The more HIIT the better?

HIT or High Intensity Training - find your balance between effort and ease.

I don’t need to tell you about the popularity of high intensity training. It is everywhere and it promises to get you where you want to go, but faster and better.

HIT – High intensity weight training – general principles include weight training with repetitions and loads that lead to muscle failure and high lactate build up causing a ‘burn’.

The idea that HIT training allows for a full body work out using fewer sets and less time has born phenomena like CrossFit.

HIIT – High intensity interval training. The formal definition of this is training at >90% of max heart rate. Max heart rate is estimated at 220 minus age - so for a 30 year old man 90% of 190 = 170 beat per minute. This is achieved done when running or cycling (treadmill class or spin class) and makes you feel exhausted.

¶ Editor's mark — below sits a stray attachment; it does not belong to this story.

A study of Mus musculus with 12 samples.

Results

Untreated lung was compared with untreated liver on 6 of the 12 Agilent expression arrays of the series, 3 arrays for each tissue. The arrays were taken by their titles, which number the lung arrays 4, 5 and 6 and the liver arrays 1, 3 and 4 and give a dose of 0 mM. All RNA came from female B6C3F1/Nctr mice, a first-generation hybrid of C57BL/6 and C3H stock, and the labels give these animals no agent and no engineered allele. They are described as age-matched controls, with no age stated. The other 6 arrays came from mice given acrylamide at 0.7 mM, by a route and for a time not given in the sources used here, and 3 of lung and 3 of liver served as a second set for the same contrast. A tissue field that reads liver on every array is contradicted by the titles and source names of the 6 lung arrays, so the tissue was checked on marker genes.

Here’s what’s important:

The benefit of both types of training are shorter exercise time and combining exercise forms such as weights, cardio and intervals into one workout. HIIT training has been used in conditions such as heart failure after heart attacks (albeit using much lower max heart rate) and has shown promising results. Nonetheless, the downside is greater likelihood of injuries, often poor technique when lifting even light weights and persistent exhaustion (poor recovery, elevated cortisol levels) keeping your body in a ‘stress response’.

My advice:

Start with learning each of the three disciplines well – weight and resistance training, good form in cardiovascular training. After that, you can throw in some intervals, make sure you have your form and technique down. Then start with ONE HIT or HIIT workout a week and see how you go. Always remember, each body type is different and approaches to exercise need to be tailored to your genetics, lifestyle and nutrition.